When it comes to reporting military benefits on the Free Application for Federal Student Aid, or FAFSA, families aren’t always sure what to include. Three questions on the application relate to military benefits; they request information about combat pay, housing allowance and noneducational veteran benefits. Let’s break them down here.
- The first question concerning military benefits asks about the service member’s total combat pay. Depending on the military member’s rank, this benefit may not need to be reported. If the person is an enlisted member or a warrant officer, they don’t have to provide this information. However, if they are a commissioned officer, they will need to report their combat pay. This amount can be found on the service member’s W-2 form in box 12.
- The next inquiry about military benefits concerns the service member’s housing allowance. Reporting this information is dependent on other factors. If the member receives a subsidy for on-base military housing or a Basic Allowance for Housing (BAH), then the member doesn’t need to report the benefit. Those who receive housing allowances other than the ones mentioned above must include that information on the FAFSA.
- The last question regarding military benefits asks service members to report their noneducational veteran benefits. Those who receive the Montgomery GI Bill, Post-9/11 GI Bill, Dependents Education Assistance Program or Vocational Rehabilitation Program don’t need to provide this data. Those who receive other noneducational assistance, such as benefits including Disability, Death Pension, Dependency and Indemnity Compensation (DIC) and VA Educational Work-Study allowance, must report that information. Noneducational veteran benefits can be found on the service member’s monthly VA benefit statement.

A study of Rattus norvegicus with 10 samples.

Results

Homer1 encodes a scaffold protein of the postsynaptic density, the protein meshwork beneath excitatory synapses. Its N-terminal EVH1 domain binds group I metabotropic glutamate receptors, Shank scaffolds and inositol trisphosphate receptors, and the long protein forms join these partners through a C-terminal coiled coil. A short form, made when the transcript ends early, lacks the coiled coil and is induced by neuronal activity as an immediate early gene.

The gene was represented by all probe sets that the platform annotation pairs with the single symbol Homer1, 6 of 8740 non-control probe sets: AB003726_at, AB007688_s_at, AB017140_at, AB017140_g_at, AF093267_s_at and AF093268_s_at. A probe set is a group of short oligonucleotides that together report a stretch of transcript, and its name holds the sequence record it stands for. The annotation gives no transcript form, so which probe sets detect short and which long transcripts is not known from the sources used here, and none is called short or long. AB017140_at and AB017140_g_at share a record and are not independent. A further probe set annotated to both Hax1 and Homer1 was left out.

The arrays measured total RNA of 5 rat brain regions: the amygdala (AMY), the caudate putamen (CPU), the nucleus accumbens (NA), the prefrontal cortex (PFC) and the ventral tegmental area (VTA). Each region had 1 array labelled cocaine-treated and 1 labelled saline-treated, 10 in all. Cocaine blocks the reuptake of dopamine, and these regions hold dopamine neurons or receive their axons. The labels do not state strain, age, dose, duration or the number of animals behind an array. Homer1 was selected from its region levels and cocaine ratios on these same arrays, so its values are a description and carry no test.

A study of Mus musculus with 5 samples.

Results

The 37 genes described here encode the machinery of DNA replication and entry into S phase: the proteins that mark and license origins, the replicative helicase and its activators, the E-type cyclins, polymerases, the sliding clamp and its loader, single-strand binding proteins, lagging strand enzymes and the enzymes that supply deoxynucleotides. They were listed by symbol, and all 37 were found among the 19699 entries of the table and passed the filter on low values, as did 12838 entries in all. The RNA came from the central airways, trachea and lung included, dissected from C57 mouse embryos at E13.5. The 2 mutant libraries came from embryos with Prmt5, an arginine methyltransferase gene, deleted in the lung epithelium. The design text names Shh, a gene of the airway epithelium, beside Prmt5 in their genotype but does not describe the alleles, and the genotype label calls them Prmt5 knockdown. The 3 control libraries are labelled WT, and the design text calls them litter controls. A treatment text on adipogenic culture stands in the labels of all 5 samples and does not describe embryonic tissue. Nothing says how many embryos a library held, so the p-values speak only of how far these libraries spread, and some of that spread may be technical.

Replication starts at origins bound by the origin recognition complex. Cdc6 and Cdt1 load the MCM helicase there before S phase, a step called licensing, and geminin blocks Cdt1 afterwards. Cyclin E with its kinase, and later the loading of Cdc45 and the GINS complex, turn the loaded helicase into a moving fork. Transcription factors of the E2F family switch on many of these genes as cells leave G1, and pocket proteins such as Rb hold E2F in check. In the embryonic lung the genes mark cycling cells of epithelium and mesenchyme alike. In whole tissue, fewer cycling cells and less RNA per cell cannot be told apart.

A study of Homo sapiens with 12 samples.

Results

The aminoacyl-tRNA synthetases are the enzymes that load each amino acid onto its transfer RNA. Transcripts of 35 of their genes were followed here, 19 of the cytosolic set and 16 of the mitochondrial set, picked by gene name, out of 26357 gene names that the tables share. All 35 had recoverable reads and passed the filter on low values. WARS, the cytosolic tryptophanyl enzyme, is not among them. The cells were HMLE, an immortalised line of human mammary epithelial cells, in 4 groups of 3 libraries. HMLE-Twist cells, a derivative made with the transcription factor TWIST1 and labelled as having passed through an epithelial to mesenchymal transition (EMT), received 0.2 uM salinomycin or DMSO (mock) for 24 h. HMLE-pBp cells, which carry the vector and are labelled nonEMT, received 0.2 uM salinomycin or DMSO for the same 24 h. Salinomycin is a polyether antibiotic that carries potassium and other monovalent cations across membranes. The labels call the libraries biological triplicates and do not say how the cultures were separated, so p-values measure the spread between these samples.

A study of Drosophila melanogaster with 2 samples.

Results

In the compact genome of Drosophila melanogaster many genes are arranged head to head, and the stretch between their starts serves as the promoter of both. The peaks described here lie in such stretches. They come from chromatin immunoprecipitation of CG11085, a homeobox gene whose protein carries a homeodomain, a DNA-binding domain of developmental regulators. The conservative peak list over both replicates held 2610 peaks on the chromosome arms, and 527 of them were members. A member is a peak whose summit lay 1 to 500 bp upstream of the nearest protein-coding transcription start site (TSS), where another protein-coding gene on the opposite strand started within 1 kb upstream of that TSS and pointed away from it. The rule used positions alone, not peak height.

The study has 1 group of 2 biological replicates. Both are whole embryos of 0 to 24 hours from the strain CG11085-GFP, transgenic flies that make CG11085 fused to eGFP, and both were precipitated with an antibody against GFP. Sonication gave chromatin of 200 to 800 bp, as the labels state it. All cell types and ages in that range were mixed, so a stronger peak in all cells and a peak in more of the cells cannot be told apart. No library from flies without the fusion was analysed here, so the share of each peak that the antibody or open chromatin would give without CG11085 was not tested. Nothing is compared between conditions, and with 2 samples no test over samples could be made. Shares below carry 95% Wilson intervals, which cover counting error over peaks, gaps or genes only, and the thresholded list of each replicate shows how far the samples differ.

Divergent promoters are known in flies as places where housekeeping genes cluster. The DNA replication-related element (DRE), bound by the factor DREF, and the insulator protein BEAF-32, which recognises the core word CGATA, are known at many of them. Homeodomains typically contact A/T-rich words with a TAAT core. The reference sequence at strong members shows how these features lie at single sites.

Knowing which types of military benefit information to include on the FAFSA and gathering the right documents can make the process easier. The service member should collect the appropriate year’s tax return, W-2 forms and benefit statements to answer these three questions accurately. For more information about military benefits and the FAFSA, please visit MilitaryBenefits.info.
Quite simply, yes.
If you had income (earned and/or unearned) in 2019 and you are a single dependent who can be claimed as a dependent on someone else’s tax return, you may still be required to file your own return. The amount of your 2019 income will determine whether or not you need to file. See the instructions at the beginning of the 2019 IRS 1040 form, and look for page 10, Chart B.
Now that you’ve determined whether or not you should file a tax return, let’s just say you didn’t have to file because you didn’t make enough money. If this describes your situation, it’s still very important that you save the W-2(s) you received this year. You should have received one from each employer who reported your earnings and withholding tax to the IRS.
Why is it so important that you hold on to your W-2s? Think FAFSA! The Free Application for Federal Student Aid (FAFSA) will ask you to report your income from two years prior to the year that you’ll attend college. So, if you plan to go to college in the fall of 2020, you’ll need your 2018 income information. For the fall of 2021, you’ll need to supply the information from 2019.
Also, you’re still required to report your wage, salary and tip income even if you didn’t receive a W-2 from an employer. If you’re not sure what your income was in 2019, use the Income Estimator that’s available on your FAFSA.
Keep those W-2’s! You’ll need them when you’re applying for federal financial aid.
I could be an artist; I’d create and dream all day.
Good thing there’s a school for that,
but how am I going to pay?
Maybe I’ll be a doctor; I’ll learn to help and heal.
With years and years of studies,
tuition concerns are real.
I’d like to be an astronaut, exploring the final frontier.
I’ll have to master the STEM subjects.
Are there scholarships for engineers?
My future is full of possibilities.
Good thing I completed the FAFSA,
to help with my financial responsibilities.
I qualified for grants and work study,
thanks to federal student aid.
The application didn’t cost me a cent.
Now I can focus on grades.
If you’re looking for free up-to-the-minute guidance on federal student loans and financial aid during the 2020 Coronavirus pandemic, visit www.StudentAidPandemic.org.